When the Sigma Chi Fraternity lost one of their own, the Embry-Riddle students joined together to create a scholarship fund to carry on their brother’s legacy.
After Timothy Englehardt, a meteorology student and Sigma Chi member, died in a tragic shooting accident in Holly Hill in 2014, chapter members worked tirelessly to establish a scholarship fund that has raised over $50,000.
“The chapter felt as if it was the best way to carry out the tradition of a long loved and inspirational brother,” said Jarrett Starbuck President of Sigma Chi. “That in turn, by making a small contribution to someone we start the ripples that can ultimately make the difference in a community.”
It’s this commitment to upholding philanthropic and leadership standards that earned Embry-Riddle’s Sigma Chi Chapter the J. Dwight Peterson Significant Chapter Blue Award recently. The award is given to chapters that score the highest on an annual report that measures community service, financials, recruitment, chapter operations, risk management and alumni involvement.
For Starbuck, being involved in Greek Life has been key for obtaining leadership experience and making life-long friendships while earning a earning his degree.
“I was initially interested in joining out of curiosity but then I realized that there was a lot of leadership potential that I could add to my resume,” Starbuck said.
With 491 students involved in Fraternity and Sorority Life at Embry-Riddle, Greek Life is flourishing with opportunities for students to take part in campus life, said Deb Padgett, assistant director of Fraternity and Sorority Life.
“Greek students tend to seek out active leadership opportunities on campus and their average GPA is .4 higher than students who are not active in Greek Life,” Padgett said, adding that many Fraternity and Sorority Life members are also active in SGA Student Representative Board.
And the connections students make often last well beyond their time at Embry-Riddle.
“The friendships when you become a member are for life and the connections students make often help with securing jobs after they graduate,” Padgett said.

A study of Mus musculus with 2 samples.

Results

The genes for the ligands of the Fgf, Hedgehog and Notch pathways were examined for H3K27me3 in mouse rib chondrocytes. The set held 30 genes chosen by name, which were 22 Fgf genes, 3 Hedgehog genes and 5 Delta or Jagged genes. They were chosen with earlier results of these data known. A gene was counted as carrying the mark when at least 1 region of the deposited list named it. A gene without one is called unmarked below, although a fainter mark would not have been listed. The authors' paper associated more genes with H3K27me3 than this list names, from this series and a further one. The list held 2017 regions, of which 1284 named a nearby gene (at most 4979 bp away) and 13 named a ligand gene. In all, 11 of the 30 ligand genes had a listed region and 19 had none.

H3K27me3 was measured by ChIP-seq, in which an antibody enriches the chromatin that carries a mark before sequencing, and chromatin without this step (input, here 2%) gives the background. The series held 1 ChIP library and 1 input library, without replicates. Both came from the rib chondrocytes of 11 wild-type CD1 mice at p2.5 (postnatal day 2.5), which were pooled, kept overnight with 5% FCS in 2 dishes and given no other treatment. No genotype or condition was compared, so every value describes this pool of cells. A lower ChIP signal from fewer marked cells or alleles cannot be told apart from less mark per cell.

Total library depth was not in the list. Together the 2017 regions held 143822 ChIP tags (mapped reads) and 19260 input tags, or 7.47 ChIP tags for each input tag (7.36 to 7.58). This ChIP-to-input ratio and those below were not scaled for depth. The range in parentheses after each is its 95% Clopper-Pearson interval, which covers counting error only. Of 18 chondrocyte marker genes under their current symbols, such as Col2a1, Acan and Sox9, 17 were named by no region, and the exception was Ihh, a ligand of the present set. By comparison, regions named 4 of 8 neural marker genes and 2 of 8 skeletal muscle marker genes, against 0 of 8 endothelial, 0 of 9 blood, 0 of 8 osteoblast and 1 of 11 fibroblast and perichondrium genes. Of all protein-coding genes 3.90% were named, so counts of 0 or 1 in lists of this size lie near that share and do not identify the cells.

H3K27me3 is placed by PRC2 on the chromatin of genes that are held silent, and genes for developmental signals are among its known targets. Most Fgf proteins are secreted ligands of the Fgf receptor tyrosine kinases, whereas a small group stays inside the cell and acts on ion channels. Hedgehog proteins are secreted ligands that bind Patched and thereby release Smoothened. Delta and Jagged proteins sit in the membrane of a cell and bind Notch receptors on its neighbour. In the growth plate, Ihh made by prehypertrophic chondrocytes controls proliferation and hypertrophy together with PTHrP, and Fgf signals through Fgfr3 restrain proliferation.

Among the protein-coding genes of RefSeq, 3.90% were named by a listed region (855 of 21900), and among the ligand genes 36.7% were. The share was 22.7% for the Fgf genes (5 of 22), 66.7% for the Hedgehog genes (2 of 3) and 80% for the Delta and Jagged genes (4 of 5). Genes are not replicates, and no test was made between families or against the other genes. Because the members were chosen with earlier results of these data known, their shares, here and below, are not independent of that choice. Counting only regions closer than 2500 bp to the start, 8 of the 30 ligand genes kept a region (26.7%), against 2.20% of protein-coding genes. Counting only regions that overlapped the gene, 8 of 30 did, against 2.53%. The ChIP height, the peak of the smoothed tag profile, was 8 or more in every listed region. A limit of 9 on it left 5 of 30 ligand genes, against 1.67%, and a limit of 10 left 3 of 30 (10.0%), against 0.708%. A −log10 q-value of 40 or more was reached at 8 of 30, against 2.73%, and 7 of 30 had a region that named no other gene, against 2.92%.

Among the fraternities represented at Embry-Riddle is Delta Chi, which celebrated a significant milestone by beginning construction on the first fraternity house on the university’s Greek Row this fall. The first fraternity house on university property represents two decades of planning and will accommodate 24 members-in-residence. The chapter has raised the majority of funds for the $2.3 million project from alumni and current members and expects the home to be completed by next spring.
“Having a house is a central part of the fraternity experience; it’s a place for brothers to be together and create a stronger brotherhood,” said Ivo Vissers, Vice-President of the Delta Chi Fraternity. “It’s also a great housing opportunity for our brothers.”
When it comes to the selection process for joining a Greek organization, Panhellenic President Kat Boggs advised incoming students to have an open mind and to not be intimidated. For freshman who are joining a sorority or fraternity for their first semester, Boggs suggests making time management a top priority in order to balance course work and extracurricular activities.
“Our Greek community as a whole has gotten very active and for many of us we become a family,” Boggs said. “It’s a sisterhood where we help support and motivate each other.”
Embry-Riddle’s Daytona Beach campus consists of 14 national
fraternities and sororities that are supported by three governing councils.
Recruitment begins Sept. 11 through Sept. 21 for all three councils.
For recruitment questions, e-mail Deb Padgett, assistant director of Fraternity and Sorority Life, at SMITHD25@erau.edu.
Embry-Riddle Aeronautical University, the world’s largest, fully accredited university specializing in aviation and aerospace, is a nonprofit, independent institution offering more than 80 baccalaureate, master’s and Ph.D. degree programs in its colleges of Arts & Sciences, Aviation, Business, Engineering and Security & Intelligence. Embry-Riddle educates students at residential campuses in Daytona Beach, Fla., and Prescott, Ariz., through the Worldwide Campus with more than 125 locations in the United States, Europe, Asia and the Middle East, and through online programs. The university is a major research center, seeking solutions to real-world problems in partnership with the aerospace industry, other universities and government agencies. For more information, visit erau.edu, follow us on Twitter (@EmbryRiddle) and facebook.com/EmbryRiddleUniversity, and find expert videos at YouTube.com/EmbryRiddleUniv.